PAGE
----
The SNP would try to form an alliance to pursue “progressive policies” if the general election results in a hung Parliament, Nicola Sturgeon says.
But the SNP leader said the “reality” was going to be a Conservative majority government.
In an interview with the BBC’s Andrew Neil, she also said the cap on public sector pay rises was not “sustainable”.
Labour leader Jeremy Corbyn has ruled out a coalition between a Labour government and the SNP after 9 June.
Mr Corbyn has said he does not see the SNP as progressive.
In her BBC interview, Ms Sturgeon said the Labour leader was not “credible as an alternative prime minister”.
Asked whether her party would back Labour in key Budget votes if there was a hung Parliament, she said: “We will work for progressive policies and we will work for the policies we put forward in our manifesto.”
If there was a hung Parliament, she said “of course we would look to be part of a progressive alliance that pursued progressive policies” but predicted this would not be the outcome despite polls showing a narrowing of the Tories’ lead.
“Voting Labour in Scotland risks letting the Tories in,” she said.
Ms Sturgeon said she did not agree with Mr Corbyn’s plans to raise corporation tax – a key source of funding for Labour’s manifesto pledges.
And asked about her predecessor Alex Salmond’s claim that Labour was “copying” key SNP policies, she added: “Imitation is the sincerest form of flattery.”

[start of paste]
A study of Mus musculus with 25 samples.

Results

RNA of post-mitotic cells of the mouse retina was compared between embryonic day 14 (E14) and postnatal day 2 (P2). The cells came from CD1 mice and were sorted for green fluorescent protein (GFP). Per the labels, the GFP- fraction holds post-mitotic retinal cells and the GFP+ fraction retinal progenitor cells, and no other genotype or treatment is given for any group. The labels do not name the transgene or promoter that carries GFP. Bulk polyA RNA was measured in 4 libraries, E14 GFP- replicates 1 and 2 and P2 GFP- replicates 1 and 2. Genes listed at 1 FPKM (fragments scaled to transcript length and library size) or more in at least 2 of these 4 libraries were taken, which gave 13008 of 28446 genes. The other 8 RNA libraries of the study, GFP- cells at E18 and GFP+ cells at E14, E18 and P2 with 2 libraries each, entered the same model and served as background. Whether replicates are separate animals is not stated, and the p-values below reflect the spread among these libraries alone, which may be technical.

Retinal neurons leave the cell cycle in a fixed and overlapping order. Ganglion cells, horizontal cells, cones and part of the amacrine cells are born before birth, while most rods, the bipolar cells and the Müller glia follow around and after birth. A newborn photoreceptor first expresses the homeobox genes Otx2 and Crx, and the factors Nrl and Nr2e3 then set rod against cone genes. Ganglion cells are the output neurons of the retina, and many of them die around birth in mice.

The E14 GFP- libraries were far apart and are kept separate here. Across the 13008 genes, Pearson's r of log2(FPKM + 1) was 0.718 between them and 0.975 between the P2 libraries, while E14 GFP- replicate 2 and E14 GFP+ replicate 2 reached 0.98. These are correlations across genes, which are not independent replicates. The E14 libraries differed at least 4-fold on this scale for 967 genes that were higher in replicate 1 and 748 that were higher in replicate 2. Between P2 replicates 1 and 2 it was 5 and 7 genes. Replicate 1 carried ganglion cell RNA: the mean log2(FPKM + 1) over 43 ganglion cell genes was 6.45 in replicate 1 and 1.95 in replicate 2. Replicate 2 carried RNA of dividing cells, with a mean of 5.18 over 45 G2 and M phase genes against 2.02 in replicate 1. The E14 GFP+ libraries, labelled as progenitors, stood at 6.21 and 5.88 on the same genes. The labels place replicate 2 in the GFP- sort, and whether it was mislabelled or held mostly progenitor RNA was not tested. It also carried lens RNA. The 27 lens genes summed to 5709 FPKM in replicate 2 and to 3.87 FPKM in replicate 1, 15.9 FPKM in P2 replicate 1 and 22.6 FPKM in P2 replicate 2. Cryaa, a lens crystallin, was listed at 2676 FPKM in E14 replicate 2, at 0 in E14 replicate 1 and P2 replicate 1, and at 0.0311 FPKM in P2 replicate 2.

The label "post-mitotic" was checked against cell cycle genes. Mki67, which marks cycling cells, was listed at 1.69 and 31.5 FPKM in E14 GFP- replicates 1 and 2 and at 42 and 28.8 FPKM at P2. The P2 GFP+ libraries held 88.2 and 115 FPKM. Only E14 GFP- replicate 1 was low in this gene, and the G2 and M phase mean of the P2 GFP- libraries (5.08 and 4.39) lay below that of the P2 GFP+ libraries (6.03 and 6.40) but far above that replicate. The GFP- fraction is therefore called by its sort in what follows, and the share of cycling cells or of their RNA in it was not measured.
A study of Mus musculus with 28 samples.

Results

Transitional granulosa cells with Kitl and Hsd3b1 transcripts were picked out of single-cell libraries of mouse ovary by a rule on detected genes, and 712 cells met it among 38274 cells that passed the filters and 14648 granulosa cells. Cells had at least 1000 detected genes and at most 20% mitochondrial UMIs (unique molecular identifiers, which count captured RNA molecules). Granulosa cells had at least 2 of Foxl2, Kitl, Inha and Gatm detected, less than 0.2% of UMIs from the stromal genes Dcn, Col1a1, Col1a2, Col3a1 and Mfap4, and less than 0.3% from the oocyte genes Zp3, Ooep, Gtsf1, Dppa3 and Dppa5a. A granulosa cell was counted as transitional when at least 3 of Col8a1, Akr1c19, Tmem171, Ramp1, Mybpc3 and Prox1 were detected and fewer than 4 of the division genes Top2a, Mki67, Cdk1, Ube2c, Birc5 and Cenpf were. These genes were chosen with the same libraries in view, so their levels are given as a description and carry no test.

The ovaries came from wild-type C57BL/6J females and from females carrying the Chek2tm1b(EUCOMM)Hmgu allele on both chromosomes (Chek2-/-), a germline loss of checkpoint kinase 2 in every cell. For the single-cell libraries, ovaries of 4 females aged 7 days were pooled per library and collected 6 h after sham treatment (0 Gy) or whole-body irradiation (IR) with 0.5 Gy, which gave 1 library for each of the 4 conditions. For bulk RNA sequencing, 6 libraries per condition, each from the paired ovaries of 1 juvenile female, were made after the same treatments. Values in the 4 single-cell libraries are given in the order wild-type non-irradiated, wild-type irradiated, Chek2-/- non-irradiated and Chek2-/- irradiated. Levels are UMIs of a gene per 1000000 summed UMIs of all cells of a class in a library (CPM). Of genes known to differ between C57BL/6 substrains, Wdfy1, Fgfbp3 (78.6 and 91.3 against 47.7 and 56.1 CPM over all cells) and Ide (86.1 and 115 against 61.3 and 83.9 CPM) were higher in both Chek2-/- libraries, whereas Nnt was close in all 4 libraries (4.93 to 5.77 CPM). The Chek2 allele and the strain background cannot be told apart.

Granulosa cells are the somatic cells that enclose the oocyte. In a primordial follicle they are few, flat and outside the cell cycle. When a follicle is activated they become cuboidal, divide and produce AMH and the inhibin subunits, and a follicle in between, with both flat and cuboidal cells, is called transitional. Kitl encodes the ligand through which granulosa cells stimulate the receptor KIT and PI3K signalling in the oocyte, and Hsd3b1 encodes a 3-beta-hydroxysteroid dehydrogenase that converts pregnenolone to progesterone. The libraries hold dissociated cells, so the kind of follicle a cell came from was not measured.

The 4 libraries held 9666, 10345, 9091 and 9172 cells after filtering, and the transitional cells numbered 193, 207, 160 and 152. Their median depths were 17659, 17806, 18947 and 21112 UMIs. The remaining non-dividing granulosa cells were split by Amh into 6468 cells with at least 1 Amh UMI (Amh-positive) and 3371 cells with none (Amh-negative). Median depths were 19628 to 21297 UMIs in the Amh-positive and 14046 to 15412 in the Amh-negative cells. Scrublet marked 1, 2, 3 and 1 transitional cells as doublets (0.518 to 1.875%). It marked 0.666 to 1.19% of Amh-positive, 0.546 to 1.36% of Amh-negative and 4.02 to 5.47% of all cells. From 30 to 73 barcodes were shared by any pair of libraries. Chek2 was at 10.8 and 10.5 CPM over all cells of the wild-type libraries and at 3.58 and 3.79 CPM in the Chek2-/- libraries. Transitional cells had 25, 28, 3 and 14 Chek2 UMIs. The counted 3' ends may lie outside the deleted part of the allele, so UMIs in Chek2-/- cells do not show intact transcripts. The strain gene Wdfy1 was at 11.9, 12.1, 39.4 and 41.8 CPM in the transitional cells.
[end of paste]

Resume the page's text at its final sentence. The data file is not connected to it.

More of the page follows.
The SNP launches its manifesto on Tuesday, and Ms Sturgeon promised to “get Scotland’s voice heard”.
She gave what she described as a “clear hint” on public sector pay, which is currently subject to a cap, saying future settlements should “recognise the cost of living pressures that public sector workers are having to live under”.
The Scottish government’s public sector workers are currently restricted to an average 1% pay rise in line with the rest of the UK, although it has offered extra help for the lowest paid.
Ms Sturgeon was also quizzed on her party’s record in government in Scotland, where it controls devolved policies such as health and education.
“I don’t sit here and say that we’re perfect,” she said of the performance of Scotland’s schools, but she insisted progress was being made.
The SNP leader, who is pushing for a second referendum on Scottish independence before the Brexit process has been completed, also set out her bid to keep Scotland in the EU.
She said it was her aim to maintain full EU membership, although if independence was secured after the UK had left, an interim arrangement might be needed to maintain single market membership.
Speaking on the BBC’s Sunday Politics Scotland, Scottish Labour leader Kezia Dugdale said people were “distressed, upset and worried” about the prospect of a second independence referendum and that it was her party’s job to block it.